Thomas Knock on the Policy and Character of Woodrow Wilson Book Review by NCHist

Thomas Knock on the Policy and Character of Woodrow Wilson
A review of Thomas J. Knock's work, "To End All Wars: Woodrow Wilson and the Quest for a New World Order".
# 153512 | 1,242 words | 0 sources | 2004 | US
Published on Jun 08, 2013 in History (Leaders) , History (U.S. Presidency) , Literature (American)


From the Paper:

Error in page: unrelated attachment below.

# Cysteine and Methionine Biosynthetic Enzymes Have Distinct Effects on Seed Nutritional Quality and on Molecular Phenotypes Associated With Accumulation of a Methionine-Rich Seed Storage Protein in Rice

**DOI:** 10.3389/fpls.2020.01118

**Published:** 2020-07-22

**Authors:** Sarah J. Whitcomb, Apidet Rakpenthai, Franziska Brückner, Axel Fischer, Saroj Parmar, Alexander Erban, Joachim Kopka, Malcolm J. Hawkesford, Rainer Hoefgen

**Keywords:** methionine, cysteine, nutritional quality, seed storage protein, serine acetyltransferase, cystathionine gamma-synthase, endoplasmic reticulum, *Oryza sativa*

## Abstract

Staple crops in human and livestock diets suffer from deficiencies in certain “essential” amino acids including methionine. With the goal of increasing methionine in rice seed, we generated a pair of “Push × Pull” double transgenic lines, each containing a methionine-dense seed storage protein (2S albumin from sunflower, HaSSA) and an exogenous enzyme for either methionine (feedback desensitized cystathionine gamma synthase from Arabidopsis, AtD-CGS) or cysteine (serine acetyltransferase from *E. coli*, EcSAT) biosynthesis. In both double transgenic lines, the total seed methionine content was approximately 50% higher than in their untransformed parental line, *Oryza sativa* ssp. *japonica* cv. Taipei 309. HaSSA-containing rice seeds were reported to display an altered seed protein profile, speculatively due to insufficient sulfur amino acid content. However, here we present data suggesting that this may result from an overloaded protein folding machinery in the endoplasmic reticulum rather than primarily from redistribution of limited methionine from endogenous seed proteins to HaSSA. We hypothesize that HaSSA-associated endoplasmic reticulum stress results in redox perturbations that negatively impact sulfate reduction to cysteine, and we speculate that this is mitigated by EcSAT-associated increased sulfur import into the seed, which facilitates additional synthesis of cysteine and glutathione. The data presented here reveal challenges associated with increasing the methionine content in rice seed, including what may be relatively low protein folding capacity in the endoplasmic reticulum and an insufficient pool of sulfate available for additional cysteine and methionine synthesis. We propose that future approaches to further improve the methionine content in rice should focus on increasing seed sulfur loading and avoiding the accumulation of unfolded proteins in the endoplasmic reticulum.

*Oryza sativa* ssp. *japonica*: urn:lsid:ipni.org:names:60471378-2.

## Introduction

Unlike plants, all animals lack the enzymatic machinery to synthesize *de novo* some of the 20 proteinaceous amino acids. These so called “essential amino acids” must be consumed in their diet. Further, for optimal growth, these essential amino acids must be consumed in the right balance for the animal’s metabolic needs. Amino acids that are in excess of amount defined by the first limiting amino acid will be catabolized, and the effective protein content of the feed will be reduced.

"It is difficult to conceive of Wilson from a modern standpoint as an ardent leftist. His decision to involve the United States in the First World War, his punitive invasion of Mexico and his traditional diplomacy in the Caribbean all tend to overshadow Wilson's more progressive side. Despite these seemingly conservative actions, Wilson was in fact quite close to not only the leaders of the progressive movement such as Williams Jennings Bryan, but to radical activists on the far left. In 1914, when World War One broke out, most Americans considered the war to be an entirely European affair. To many the war was nothing remarkable, considering how the continent had been embroiled in numerous conflicts throughout the 19th century. Although some notable individuals such as Theodore Roosevelt loudly advocated intervention in the war, the majority were convinced that neutrality was the best course of action. Furthermore, many activist groups formed to not only safeguard American neutrality, but to advocate pacifism and an end to the war in Europe. Knock astutely notes that these groups made a point to "seek Wilson out" (50.) The Woman's Peace Party led by Jane Addams was well received at the White House and presented the president with ideas on mediation and "constructive peace." Surprisingly enough Wilson gained many of his ideas about progressive diplomacy and internationalism from the Socialist party."